Gateway Gazette

AG Report Outlines NDP Waste, Mishandling of Expenses in Advanced Education

EDMONTON, AB (May 3, 2017): Today’s Auditor General (AG) report shows how the NDP used the ministry of Advanced Education to pad caucus-related costs and a repeated failure to protect taxpayers, the Wildrose Official Opposition said today.

The AG found that under the NDP, the Alberta government helped pay for the NDP caucus-related costs and for previous NDP Advanced Education Minister Lori Sigurdson to go on two out-of-province junkets with no sign off for the trips.

The Advanced Education department also has “insufficient documentation of business rationale” for submitting expenses, running up extra meal expenses and fuel charges.

Wildrose Shadow Advanced Education Minister Wayne Anderson said this shows a failure under both current Advanced Education Minister Marlin Schmidt and former Advanced Education Minister Sigurdson to manage tax dollars.

“Advanced Education should not be topping up the budget for the NDP caucus, but that’s exactly what happened under these ministers’ watch,” Anderson said. “The NDP is running a $10 billion deficit but is still letting this type of waste and mismanagement continue. It’s time for this department to get their expenses in line with the rest of government.”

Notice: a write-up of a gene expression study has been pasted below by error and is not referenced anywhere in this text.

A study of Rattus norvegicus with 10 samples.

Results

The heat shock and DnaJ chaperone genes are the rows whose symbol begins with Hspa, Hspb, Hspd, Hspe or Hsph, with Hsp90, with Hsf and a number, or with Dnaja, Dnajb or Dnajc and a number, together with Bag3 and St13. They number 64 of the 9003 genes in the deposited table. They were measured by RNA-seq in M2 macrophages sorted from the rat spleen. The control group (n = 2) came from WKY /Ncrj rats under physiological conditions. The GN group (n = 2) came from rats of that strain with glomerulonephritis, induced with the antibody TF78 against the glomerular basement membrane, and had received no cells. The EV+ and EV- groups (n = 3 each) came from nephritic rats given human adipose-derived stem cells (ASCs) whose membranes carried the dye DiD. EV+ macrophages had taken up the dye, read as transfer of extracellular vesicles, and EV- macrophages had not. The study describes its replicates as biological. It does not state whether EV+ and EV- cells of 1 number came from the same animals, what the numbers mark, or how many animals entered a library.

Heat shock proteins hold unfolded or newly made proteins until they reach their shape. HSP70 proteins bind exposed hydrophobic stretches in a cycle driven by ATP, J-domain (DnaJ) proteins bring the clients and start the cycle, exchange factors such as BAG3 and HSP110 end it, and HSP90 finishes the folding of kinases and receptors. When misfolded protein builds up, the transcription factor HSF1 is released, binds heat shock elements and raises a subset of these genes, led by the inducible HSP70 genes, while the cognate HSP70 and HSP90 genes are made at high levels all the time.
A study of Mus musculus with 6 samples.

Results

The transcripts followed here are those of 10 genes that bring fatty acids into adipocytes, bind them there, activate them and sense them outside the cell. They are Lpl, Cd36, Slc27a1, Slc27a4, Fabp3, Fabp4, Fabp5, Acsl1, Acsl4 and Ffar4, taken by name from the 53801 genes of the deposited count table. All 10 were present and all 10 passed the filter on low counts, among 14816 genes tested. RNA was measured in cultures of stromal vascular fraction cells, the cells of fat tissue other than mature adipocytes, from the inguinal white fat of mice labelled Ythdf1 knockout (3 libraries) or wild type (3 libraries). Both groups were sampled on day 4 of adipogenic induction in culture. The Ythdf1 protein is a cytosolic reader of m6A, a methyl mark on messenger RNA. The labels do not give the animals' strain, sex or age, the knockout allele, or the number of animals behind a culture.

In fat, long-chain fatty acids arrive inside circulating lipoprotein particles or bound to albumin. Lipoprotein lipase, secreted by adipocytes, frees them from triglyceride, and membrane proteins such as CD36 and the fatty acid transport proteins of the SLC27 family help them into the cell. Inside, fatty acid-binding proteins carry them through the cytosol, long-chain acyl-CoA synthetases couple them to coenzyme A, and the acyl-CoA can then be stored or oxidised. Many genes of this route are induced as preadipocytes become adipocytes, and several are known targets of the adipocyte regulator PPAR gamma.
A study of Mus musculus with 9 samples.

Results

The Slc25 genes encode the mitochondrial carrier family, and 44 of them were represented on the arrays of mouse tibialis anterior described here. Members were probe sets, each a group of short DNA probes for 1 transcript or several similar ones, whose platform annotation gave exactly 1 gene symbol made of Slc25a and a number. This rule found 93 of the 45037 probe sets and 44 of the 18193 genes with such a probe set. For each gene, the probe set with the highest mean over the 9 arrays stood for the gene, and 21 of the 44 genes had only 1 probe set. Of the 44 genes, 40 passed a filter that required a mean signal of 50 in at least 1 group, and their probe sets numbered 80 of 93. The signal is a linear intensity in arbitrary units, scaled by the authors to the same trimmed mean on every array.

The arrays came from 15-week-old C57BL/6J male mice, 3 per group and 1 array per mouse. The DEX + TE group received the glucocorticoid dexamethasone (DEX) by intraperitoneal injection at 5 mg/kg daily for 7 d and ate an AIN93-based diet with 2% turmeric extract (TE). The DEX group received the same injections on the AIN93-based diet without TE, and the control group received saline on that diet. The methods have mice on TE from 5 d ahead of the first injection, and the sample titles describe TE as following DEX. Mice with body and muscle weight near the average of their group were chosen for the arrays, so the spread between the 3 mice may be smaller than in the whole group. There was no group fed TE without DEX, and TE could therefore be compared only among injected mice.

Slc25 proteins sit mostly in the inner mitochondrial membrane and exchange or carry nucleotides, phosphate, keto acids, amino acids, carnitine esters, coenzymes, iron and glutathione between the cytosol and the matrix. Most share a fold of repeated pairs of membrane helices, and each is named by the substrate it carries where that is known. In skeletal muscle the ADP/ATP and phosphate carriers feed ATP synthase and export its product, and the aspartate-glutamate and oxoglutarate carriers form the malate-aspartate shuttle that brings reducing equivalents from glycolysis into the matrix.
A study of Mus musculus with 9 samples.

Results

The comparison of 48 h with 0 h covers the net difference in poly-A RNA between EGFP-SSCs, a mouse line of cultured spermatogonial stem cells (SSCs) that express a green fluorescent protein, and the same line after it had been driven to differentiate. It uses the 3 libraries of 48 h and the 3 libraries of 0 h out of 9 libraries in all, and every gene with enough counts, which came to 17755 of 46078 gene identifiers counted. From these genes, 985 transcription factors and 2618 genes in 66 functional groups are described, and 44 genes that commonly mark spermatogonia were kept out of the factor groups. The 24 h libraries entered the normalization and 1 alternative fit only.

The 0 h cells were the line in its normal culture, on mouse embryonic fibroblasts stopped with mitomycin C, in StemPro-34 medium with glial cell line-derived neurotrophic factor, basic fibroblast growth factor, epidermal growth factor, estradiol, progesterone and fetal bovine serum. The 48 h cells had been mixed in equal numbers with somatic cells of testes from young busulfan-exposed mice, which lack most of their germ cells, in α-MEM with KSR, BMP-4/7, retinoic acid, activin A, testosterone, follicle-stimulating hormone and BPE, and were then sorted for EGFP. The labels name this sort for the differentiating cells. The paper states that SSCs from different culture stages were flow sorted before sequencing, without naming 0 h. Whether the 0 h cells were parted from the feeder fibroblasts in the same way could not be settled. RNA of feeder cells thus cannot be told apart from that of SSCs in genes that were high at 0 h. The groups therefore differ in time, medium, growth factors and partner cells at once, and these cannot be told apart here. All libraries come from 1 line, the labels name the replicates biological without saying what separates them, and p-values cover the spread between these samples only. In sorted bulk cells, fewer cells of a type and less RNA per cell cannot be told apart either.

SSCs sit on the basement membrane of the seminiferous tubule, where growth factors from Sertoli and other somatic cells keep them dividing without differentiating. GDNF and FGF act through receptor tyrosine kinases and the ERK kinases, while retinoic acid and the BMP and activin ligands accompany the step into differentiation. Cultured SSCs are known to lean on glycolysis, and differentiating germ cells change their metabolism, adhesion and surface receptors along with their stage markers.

The report also found a failure from Service Alberta to implement recommendations from the Results Based Budget process to do a comprehensive inventory of IT applications, leading to more duplication and waste.

“Albertans are seeing tax hikes and billions of dollars in new debt, and the private sector continues to experience the pain of job loss and a drop in investment, but the government has failed for years to fix this problem,” Wildrose Shadow Service Alberta Minister Scott Cyr said.

Wildrose Shadow Justice Minister Angela Pitt said she’s concerned about funds being devoted to legal aid are not reaching those most in need.

“Legal aid is a critical part of ensuring justice and providing support for vulnerable Albertans,” Pitt said. “This report raises some serious red flags about ensuring legal aid remains sustainable and that funding is making its way to those most in need based on the dollars spent. Furthermore, it is absolutely incomprehensible that legal aid only just added any type of performance measure, and that no performance measures exist to ensure the best legal representation for Albertans.”